The latest in global sexual and reproductive health news
“Women build the society. They build a nation. And investing in family planning is investing in the future.”-Dr. Tewodros Bekele, Director of Maternal, Child Health & Nutrition Programs, Ethiopian Federal Ministry of Health
Tanzania-based photographer Sala Lewis traveled with global health organization Pathfinder International to document the Tuungane program in Tanzania, which brings condoms from the urban center of Kigoma to the small villages around the Mahale National Park. Project staff travel to the field at least once every two weeks, delivering what ever supplies are needed — contraception, anti-malaria drugs or even a new radio.
The clinic teaches women the importance of “spacing” and offers a variety of options including cycle beads, condoms, pills, intrauterine devices and implants. Family planning methods, such as delaying and spacing out children, are among the most effective ways to better the lives of families and directly contribute to the United Nations Millennium Development Goals of reducing infant mortality and improving maternal health.
With assistance and training from the Hope Project, Annet had learned sustainable agricultural practices and developed her land to such a point that it now yields more than enough to support her family. When I asked how she spends her surplus she replied that she sends her two oldest children to a good boarding school so that they may have more opportunities in the future.
The Lake Victoria Basin Commission’s work has garnered political buy-in from key actors at multiple levels, resulting in projects like the Health of People and Environment Lake Victoria Basin (HoPE-LBV) project, led by Pathfinder International. HoPE-LBV has been successful in a number of ways, said Othero, including helping to shift prevailing gender roles by encouraging men to engage in family planning and reproductive health and by encouraging women to engage in sustainable livelihoods and natural resource management.
Wudinesh Demisse raises her hand above her head, showing off the matchstick-sized birth-control implant embedded just beneath the skin of her upper arm.
Wudinesh, 28, is a farmer in rural West Arsi, in Ethiopia's central Oromia region. With three children already, Wudinesh says it is time to stop. "For me, three is enough," she says, through a translator. "If they are too many, they are too expensive."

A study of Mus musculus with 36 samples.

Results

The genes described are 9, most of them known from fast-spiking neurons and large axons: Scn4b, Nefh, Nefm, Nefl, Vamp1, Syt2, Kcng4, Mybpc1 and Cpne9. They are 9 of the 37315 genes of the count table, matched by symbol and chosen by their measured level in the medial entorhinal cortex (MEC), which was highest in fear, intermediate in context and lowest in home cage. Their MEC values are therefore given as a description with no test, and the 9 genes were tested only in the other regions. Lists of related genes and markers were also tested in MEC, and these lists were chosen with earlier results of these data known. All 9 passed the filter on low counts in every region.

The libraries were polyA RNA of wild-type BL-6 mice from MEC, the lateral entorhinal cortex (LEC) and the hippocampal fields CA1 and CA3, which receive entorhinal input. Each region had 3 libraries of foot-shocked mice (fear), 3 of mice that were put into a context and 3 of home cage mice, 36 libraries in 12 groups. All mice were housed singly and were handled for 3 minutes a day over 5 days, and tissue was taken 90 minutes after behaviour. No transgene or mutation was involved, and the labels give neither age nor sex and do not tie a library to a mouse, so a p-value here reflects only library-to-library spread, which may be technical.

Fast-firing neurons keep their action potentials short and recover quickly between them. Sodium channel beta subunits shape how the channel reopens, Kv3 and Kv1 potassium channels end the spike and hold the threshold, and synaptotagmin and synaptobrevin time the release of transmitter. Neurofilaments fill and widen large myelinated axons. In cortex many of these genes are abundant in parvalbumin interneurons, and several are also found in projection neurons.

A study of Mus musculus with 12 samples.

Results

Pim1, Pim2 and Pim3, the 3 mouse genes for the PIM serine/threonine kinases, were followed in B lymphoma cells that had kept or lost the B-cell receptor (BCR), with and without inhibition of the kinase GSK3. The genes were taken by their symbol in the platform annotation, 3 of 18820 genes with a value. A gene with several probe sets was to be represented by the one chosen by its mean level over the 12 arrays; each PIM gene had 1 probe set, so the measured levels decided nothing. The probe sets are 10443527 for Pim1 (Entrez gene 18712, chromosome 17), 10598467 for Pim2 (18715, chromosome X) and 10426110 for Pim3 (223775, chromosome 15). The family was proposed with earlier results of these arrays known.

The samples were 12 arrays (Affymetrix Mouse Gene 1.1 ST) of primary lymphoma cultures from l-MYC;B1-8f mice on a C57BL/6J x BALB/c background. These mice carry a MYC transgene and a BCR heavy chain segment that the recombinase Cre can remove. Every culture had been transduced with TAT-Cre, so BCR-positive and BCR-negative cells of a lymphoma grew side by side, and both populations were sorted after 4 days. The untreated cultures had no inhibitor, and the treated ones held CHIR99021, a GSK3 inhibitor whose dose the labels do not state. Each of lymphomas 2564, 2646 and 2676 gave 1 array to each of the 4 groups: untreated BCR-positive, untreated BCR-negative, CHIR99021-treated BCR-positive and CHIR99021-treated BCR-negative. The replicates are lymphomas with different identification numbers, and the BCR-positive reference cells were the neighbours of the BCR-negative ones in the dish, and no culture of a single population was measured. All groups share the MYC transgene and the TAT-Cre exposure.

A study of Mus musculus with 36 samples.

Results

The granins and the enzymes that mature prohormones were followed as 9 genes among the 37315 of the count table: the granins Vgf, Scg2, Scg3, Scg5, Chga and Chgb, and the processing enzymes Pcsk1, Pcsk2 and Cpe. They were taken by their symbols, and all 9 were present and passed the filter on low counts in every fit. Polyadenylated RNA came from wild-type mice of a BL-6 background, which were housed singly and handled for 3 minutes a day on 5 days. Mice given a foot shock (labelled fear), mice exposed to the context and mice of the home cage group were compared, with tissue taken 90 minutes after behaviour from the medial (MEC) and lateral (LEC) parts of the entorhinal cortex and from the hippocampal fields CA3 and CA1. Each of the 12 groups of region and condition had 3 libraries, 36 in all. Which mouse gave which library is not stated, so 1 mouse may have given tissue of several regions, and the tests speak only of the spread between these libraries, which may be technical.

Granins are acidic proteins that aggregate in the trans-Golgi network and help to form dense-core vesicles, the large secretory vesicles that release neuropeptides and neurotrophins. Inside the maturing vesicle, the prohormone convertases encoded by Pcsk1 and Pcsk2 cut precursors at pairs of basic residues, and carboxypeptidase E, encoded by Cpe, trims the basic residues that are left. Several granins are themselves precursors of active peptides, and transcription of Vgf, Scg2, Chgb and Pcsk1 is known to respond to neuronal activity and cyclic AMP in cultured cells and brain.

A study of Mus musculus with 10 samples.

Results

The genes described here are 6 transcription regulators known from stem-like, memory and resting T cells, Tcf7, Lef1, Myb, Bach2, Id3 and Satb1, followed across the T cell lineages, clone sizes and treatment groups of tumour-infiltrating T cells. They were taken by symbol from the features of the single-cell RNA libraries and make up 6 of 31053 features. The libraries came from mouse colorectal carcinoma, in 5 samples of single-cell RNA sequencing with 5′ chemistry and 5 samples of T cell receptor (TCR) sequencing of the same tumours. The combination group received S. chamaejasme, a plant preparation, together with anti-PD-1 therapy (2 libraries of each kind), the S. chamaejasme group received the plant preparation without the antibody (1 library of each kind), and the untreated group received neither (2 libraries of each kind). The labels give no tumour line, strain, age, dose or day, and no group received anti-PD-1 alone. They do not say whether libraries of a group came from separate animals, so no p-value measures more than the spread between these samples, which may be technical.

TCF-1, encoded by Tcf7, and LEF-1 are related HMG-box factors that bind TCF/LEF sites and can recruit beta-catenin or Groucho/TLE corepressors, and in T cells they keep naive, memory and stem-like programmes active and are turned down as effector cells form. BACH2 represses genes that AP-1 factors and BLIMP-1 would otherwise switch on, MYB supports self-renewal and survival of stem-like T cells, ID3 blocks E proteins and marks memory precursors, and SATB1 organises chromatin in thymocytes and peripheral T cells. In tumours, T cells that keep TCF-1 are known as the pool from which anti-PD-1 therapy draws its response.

Making patients walk 18 miles to a clinic with a UTI? Requiring their husband's permission to get birth control? Women deserve better health care than this.
The Female Condom 2 is far more successful than many in the West realise. It is available in 138 countries, sales have more than doubled since 2007, and the Female Health Company has been turning a profit for eight years.
The vast majority of sales are to four customers - the US aid agency (USAID), the UN and the ministries of health in Brazil and South Africa. Donors and public health officials are keen on anything that gives women the upper hand in what they call "condom negotiation" with men.
Family Planning: Coverage, Access to Services Poor, Says Report by Pathfinder International and UNFPA
Tauseef Ahmed, Pathfinder International’s country representative said, “Devolution was done in a hurry without capacity-building of provincial counterparts for their new responsibilities.” Family planning is the right of every woman and by depriving them, you’re putting their lives at stake, he added.
“The Women Development Army are women that have implemented the health extension program of government very well so that others in their communities can see what they are benefitting out of this health extension program so that they can adapt or adopt what this Women Development Army are doing,” said Tariku Nigatu, who works with Pathfinder International in Ethiopia.
Tune in to hear "voices to inspire" speak from the International Conference on Family Planning in Addis Ababa, Ethiopia.
Pasiens Mapunda, a reproductive health expert at Pathfinder International, told IRIN that while "women are beginning to take up family planning and facility births are increasing" challenges such as "inadequate health facilities, long distance[s] from homes to the nearest available hospital and even low staffing still remain and needs to be dealt with."